When I started as a tech teacher, I pushed my administration for lots of software. I wanted a different one for each theme–human body, space, math. Now, they’re all on the internet–for FREE–which means we can use our tech budget for doc scanners, Dragon Speak… Wait–we have no budget. Good thing I’m addicted to FREE.
Here’s my list of the most useful FREE programs:
- Google Earth. Absolutely Number One and the dot on the exclamation point. We use it starting in Kindergarten to find their homes (with lots of parent help). We also take the included sightseeing world tour, which kindergartners can maneuver by themselves. As kids grow up, I add specific locations that correlate to their classroom lessons, a tour of California missions, measuring distances with the ruler, adding facts about Wonders of the World, creating their own tour with overlays. All doable by fifth grade and all FREE. I’ve uploaded some of my lesson plans to Scribd.com (search ‘learn google earth’). If you can’t find it, comment here and I’ll upload them to the this blog.
- Celestia. I can’t believe how many people don’t know about this program. It’s graphics are amazing, detail and facts unlimited, with lots of add-ons (for FREE) that allow you to customize it to your needs. It, like Google Earth, has a tour function, which makes it available to all grades.
- Tux Paint–as good as KidPix and it’s a FREE download. Compatible with all systems. Check the picture in this blog, drawn in TuxPaint. Looks just like KidPix, doesn’t it?
- Typing Web–a graduated keyboard program which keeps track of your child’s improvement. Not as many ads as others. For more keyboarding programs, read my Time to Start Keyboarding blog.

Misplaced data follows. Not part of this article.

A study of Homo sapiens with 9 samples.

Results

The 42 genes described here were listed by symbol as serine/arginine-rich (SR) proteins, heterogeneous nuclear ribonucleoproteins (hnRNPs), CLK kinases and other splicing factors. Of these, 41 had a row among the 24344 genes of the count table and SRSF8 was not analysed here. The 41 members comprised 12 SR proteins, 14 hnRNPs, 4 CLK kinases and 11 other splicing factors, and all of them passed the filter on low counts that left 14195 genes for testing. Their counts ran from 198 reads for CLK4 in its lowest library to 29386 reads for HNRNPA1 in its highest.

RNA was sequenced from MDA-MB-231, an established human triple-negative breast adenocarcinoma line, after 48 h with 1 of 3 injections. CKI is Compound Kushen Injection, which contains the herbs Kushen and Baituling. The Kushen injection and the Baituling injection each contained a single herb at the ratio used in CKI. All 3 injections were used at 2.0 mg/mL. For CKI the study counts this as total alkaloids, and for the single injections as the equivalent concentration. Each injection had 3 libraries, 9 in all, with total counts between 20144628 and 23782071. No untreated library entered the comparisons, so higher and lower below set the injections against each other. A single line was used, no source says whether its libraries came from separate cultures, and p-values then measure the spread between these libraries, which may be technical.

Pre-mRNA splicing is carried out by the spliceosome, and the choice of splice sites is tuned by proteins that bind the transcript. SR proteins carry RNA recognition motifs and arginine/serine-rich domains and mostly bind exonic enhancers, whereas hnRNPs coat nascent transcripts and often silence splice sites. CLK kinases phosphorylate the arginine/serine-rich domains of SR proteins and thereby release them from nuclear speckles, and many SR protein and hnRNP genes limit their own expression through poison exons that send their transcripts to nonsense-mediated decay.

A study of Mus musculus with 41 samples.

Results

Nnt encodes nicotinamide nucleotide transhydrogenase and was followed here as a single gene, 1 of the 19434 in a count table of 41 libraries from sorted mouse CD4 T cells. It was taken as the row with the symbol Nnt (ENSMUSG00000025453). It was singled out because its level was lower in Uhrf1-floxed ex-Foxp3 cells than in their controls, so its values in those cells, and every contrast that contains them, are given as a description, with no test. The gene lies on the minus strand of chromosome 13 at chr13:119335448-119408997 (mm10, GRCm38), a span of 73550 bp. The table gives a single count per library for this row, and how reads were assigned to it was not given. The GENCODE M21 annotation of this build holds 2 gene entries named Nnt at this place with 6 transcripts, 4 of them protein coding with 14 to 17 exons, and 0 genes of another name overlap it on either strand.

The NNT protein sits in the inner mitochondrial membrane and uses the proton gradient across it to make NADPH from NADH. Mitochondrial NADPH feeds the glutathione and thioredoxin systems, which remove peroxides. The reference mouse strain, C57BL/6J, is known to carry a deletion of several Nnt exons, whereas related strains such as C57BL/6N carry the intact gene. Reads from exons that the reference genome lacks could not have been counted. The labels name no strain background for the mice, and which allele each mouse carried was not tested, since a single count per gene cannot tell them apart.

- Starfall. Hands down, the most popular reading program for kids. When given a choice, my students often choose this site over any other. Don’t be afraid to send younger kids to the art galleries and music on the ‘It’s Fun to Read’ section
There are so many more which I’ll cover in future posts. Try these first. You won’t be disappointed.
Jacqui Murray is the editor of a technology curriculum for K-fifth grade and creator of two technology training books for middle school. She is the author of Building a Midshipman, the story of her daughter’s journey from high school to United States Naval Academy midshipman. She is webmaster for five blogs, an Amazon Vine Voice book reviewer, a columnist for Examiner.com, Editorial Review Board member for Journal for Computing Teachers, IMS tech expert, and a weekly contributor to Write Anything and Technology in Education. Currently, she’s working on a techno-thriller that should be ready this summer. Contact Jacqui at her writing office or her tech lab, Ask a Tech Teacher.